I just returned from Denver, where my best friend David and I saw Morrissey in concert at Red Rocks. I’d intended merely to wax nostalgic about this — we’d seen him on his first solo tour in ’91, also in Denver, and I’ve much to say about how rewarding it’s been to grow old with Moz — but something he did at the end of his show makes for a poignant follow-up to my previous ramblings about the evolution of protest music performance.
The Red Rocks setlist was a hit-or-miss affair, no doubt. After a slow start with the anemic melodies of “Suedehead” and “Alma Matters,” it took the drive-by B-side of “Ganglord” and its accompanying video imagery of police brutality (to man and beast) to remind us that this was a performance by a man who’s always had something very sharp to say about society. Granted, Morrissey’s emotional side has matured beautifully on recent records — his performance of “Kiss Me a Lot” at Red Rocks was one of the evening’s loveliest — though his latest band lacks the finesse to prop up his earlier heartfelt fumblings (“What She Said” was a muddy morass). But Morrissey has remained a valued and valuable poet because of the maintenance of his core value: being unlike the mass of “lock-jawed pop stars / thicker than pig shit / nothing to convey” by conveying a great deal. He addresses this work ethic in his Autobiography: “It was never a question of becoming a pop singer, more a matter of entering the field of argument.” Indeed, “buying a Morrissey disc remains a political gesture,” as it should be. Building on the aforementioned Live Aid discussion, such outspokenness (ironically?) is what that concert’s organizer, Bob Geldof, later pleaded for in modern music, sounding very Morrissey-esque in his 2011 keynote speech at SXSW, bemoaning, “Everybody’s got the means to say anything they want, but nobody has anything to say,” then pleading with young musicians: “Say something to me!”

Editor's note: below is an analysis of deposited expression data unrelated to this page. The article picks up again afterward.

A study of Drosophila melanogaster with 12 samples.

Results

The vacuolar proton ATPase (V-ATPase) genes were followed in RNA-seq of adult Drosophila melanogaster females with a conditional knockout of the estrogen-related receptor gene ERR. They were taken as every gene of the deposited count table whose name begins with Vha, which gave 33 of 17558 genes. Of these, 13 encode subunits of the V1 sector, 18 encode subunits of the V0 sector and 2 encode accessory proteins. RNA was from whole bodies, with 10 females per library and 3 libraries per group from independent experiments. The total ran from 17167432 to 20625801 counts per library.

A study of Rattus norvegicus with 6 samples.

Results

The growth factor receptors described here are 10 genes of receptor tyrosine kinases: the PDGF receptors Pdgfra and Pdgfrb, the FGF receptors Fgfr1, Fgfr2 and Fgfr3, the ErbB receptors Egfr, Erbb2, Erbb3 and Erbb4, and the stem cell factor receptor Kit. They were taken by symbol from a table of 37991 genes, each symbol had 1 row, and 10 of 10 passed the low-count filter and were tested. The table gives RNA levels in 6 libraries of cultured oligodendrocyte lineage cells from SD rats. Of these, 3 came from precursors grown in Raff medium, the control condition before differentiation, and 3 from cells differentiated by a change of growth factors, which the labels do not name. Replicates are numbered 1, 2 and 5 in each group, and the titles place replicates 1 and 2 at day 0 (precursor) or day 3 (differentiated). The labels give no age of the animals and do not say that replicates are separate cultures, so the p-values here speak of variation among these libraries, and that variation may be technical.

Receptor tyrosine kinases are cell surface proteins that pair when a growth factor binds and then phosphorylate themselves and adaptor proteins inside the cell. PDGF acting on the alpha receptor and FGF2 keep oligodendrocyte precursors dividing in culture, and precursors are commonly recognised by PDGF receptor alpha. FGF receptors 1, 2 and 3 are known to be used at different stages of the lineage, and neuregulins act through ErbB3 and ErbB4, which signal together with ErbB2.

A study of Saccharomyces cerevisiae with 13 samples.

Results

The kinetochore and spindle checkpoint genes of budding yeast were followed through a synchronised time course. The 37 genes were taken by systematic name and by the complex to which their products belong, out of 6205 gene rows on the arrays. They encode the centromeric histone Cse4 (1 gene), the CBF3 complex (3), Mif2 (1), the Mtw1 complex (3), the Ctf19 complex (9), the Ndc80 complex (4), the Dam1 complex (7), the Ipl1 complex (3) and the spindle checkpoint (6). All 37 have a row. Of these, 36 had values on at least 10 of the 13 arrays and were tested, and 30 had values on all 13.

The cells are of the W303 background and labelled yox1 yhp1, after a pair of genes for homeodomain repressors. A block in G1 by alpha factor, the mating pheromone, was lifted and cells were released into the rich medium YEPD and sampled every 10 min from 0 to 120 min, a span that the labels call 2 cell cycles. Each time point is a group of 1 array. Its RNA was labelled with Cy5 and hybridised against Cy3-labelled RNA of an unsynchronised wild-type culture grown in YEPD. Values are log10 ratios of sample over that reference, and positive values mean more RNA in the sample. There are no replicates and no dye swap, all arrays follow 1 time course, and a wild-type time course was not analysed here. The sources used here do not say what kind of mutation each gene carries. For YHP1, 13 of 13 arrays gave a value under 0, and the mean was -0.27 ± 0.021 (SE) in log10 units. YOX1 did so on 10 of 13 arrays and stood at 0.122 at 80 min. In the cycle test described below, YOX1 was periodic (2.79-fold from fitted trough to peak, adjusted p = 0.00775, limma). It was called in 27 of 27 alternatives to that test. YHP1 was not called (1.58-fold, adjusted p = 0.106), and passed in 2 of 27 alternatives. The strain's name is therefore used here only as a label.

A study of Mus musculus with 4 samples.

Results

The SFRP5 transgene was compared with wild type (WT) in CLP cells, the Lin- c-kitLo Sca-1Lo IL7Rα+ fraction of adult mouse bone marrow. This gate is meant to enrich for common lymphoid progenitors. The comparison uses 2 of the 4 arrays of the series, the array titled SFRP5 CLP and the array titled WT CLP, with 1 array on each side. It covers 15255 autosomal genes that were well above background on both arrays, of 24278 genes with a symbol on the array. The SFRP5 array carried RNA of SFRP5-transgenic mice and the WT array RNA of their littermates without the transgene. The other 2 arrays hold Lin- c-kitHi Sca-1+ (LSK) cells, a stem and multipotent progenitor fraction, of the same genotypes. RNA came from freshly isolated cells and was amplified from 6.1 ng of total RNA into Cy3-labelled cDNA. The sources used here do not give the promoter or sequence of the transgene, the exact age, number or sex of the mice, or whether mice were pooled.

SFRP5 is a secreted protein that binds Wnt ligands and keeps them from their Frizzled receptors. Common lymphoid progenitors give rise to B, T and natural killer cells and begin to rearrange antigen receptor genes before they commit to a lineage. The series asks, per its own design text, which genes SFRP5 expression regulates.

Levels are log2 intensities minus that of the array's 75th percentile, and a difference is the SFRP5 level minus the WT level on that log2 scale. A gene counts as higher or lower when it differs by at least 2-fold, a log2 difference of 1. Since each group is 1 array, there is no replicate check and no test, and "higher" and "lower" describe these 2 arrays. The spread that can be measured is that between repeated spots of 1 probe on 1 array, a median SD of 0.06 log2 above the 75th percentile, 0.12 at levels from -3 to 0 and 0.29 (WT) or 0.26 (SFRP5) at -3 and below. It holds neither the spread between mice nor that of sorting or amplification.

Morrissey still has plenty to say, and his records thus far have remained timely and eloquent. On this tour, however, he abandoned any microscopic crumb of tact he might previously have possessed in order to hammer home his most personally important message: that the killing of animals for meat is morally wrong. This comes through, unsurprisingly, the title track to his 1985 album by the Smiths, “Meat Is Murder.” Near the end of the concert at Red Rocks, as throughout the tour according to other reports, Morrissey eased into the deceiving ballad with a mustardy relish. As the song lumbered to life, video was shown of animals being summarily beaten, tortured, and indeed murdered in various food-factory slaughterhouses. It is, purposefully, difficult to watch. Others my age may recall watching bootlegs of the “Faces of Death” snuff documentaries in the ’70s and ’80s; this footage reminded me of that discomfort. Morrissey spewed his spittle, then reclined on stage facing the screen (pictured above), watching along with us the deeply disturbing footage — which seemed to go on and on, no doubt intentionally elongating the impact. The footage ended with a single title card and a significant challenge: “What’s your excuse now?”
It was a shocking move, even after all these years, and an effective one — both positively and negatively. As entertainment value, the performance absolutely deflated the concert. Much of the audience around us was left utterly bereft, even seemingly a bit miffed at having been subjected to an experience other than a continued opportunity to worship both their musical godhead and their own soggy nostalgia. How, after all, do you follow that? (Morrissey followed it with one final number, “Now My Heart Is Full,” a song that seemed just enough of an emotional rescue but that could also be read as perfect punctuation for the previous provocation — I’ve said my piece, my conscience is clear.) Then again, it also worked. The song — and its subject — was the talk of everyone within earshot filing out of the venue, of the dozen people on our shuttle bus all the way home, and between David and I for days. I even posted about it on Facebook, seeking guidance from vegetarian friends on how to ease the dietary switch. I’d eaten a burger for lunch before the concert, and I felt terrible.
Here’s the thing: I didn’t feel bad for the cow, I felt bad for me — and this is the crux of Morrissey’s approach to poetical protest. A great scholarly book, Gavin Hopps’ Morrissey: The Pageant of His Bleeding Heart, asks what, if anything, Morrissey has used his music to protest for. His answer is complicated, but the gist of it is that “Morrissey was heroically standing up for humanness” (17). Because it’s not necessarily the animal that suffers most in the industrial food supply, though of course it does and dies; rather, it’s humanity’s character and soul that shrinks through any act of murder, whether we actually commit it or (as is the case for most carnivores) are simply complicit in systematizing it for our alleged benefit.
Morrissey’s unflinching performance firmly held his ground on the field of argument and was, for me, a subjective reminder of protest music’s potential potency.
I'm THOMAS CONNER, communication researcher and culture journalist.